Treasure by S. Smith
It’s 2077. There’s no apocalypse, but some things are different. Things like the weather, the internet, and food. In twelve-year-old Clare’s world, blueberry is just a flavor and apples are found only in fairy tales.
One day Clare meets Ana, who teaches her about seeds and real food, despite suspicions that such actions are illegal.
When the authorities discover the children’s forbidden tomato plant and arrest their mother, Clare and her brother flee. Clare has heard of a place called “The Garden State,” and with their bikes, a little money, and backpacks, the children begin a lonely cross-country journey that tests them both physically and spiritually.
Will they succeed in their quest to find a place of food freedom? And can they, only children, help change the world?
“Move only at night,” he said. “Try to find good places to rest during the day. If you must travel in the light, make sure it is in sparsely populated areas. Wear your helmets and keep your heads low.”
He taught them how to read the night sky and how to find friends.
“Years ago, when gardeners had to go underground, so to speak, they developed signals still used today. When you looked up at my balcony what was the first thing you noticed?”
“Your purple flowers!” shouted Dante.
“Yes, the pansies. I wish you could have seen the lupines. Lupines were really the chosen flowers for our code, but alas, they finish blooming early in the summer around here. So we keep anything purple alive that we can,” he said smiling.
“What’s so special about lupines?” Clare asked.
“Well, for one thing, everybody has roses,” Gruff said winking. “The story is this: about a hundred years ago, a mountain in Washington state blew its top. Forests were blown away. The land was devastated. It’s said that the first plants to emerge from the ash-covered land were wild lupines. They’re tenacious—like us. We, the Seed Savers, will come back someday, too.”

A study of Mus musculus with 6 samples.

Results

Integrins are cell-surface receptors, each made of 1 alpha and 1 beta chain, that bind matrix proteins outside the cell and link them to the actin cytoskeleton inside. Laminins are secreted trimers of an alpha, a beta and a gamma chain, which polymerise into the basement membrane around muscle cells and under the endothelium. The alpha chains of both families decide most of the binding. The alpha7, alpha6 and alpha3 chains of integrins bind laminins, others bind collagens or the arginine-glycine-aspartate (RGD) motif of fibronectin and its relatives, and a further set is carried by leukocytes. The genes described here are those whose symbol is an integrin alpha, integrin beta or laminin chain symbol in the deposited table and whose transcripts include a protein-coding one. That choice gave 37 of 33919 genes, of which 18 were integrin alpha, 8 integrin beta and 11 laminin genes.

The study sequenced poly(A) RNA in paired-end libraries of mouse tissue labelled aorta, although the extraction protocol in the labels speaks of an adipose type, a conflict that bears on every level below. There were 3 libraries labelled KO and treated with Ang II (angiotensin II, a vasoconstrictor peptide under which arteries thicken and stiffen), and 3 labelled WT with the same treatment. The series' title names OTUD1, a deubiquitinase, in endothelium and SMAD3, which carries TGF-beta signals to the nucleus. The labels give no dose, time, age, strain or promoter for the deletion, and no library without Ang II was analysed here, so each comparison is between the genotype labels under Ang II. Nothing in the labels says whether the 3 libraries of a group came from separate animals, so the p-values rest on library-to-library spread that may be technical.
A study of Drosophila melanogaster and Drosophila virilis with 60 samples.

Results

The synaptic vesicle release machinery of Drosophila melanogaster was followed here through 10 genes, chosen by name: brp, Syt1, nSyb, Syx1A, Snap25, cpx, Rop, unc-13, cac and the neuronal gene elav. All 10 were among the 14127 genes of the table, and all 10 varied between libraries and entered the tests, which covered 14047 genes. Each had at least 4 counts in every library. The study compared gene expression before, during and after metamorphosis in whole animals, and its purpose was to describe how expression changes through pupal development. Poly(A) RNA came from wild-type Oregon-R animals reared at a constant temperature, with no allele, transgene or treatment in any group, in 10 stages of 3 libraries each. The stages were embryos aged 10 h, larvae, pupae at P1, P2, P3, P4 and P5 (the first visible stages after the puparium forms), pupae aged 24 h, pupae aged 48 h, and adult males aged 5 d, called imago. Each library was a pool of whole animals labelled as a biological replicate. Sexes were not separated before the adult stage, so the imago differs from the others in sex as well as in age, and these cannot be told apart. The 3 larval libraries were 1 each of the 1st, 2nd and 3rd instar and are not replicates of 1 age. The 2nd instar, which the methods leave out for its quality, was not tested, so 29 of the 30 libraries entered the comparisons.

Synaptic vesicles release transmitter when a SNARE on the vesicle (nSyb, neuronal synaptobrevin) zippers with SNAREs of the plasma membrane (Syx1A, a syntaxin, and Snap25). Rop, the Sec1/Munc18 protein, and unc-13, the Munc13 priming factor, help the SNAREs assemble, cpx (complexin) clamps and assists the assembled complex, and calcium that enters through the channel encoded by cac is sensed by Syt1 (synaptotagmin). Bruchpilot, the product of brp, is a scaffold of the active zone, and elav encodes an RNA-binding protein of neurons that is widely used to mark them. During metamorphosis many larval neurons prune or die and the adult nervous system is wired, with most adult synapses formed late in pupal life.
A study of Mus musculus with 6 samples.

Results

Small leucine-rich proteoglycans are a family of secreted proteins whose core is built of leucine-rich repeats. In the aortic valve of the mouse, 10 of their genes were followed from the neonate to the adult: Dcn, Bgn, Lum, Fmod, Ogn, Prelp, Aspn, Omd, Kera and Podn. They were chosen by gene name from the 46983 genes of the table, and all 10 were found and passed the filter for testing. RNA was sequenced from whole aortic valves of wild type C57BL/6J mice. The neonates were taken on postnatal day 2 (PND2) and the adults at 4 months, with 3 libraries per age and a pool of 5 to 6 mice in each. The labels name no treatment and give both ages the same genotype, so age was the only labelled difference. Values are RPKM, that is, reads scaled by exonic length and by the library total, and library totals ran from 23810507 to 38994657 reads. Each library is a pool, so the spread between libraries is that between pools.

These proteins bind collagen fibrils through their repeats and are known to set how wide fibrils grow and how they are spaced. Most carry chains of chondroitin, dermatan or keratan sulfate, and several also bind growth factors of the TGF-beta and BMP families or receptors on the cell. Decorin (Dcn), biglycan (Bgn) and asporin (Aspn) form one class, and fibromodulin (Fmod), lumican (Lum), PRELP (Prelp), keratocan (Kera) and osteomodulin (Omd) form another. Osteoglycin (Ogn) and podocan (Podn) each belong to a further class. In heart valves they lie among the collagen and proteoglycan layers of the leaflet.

“Wow,” said Dante.
“So, if we see some place with a lot of purple flowers, they might be friends?”
“Right,” said Gruff. “But there’s more. Obviously if lupines grow wild or if someone likes purple, that wouldn’t be enough to go knocking on their door and ask if they were Seed Savers. The next sign is a symbol of a circle within a circle.”
“A circle within a circle?”
Gruff grabbed a pen and paper. “Like this,” he said, drawing. He drew a circle as best he could, and then right outside of it a second circle, enclosing the first.
“It’s an ancient sacred symbol of mother earth, or earth goddess, and the fertility and fruitfulness she embodies. If you go outside my door and take a good look, you’ll find I’ve painted a small one down near the bottom. Anyway, if you find the purple flowers and the symbol, you can pretty much figure they are Seed Savers. But just to be sure, there is one last test. Knock at the door. If someone opens it, first ask, ‘Are you the resident here?’ If they say yes, then ask, ‘Do you know where Amber Jenson lives?’”
“I haven’t been this in love with an individual young adult book since Lois Lowry’s The Giver… 221 pages of exciting young adult goodness! I devoured it, and it was delicious.” -Anakalian Whims Book Blog
“Here’s a great piece of “juvenile” literature that doesn’t lose sight of one key fact: kids can think.”- Lit Prof, Amazon Reviewer
“I highly recommend this book for tweens and teens who enjoy reading the dystopian genre and who are looking for a non-violent and thought-provoking story.” – Renee at Mother Daughter Book Reviews
S. Smith grew up on a farm with a tremendously large garden. She maintains that if you can’t taste the soil on a carrot, it’s not fresh enough.
As an ESL (English as a Second Language) teacher, Ms. Smith has enjoyed teaching students from around the world.
Smith is a member ALLi (The Alliance of Independent Authors) and saves seeds for her local seed bank.
She gardens and writes at her home in the beautiful and green Pacific Northwest where she lives with her husband, two children, and two cats.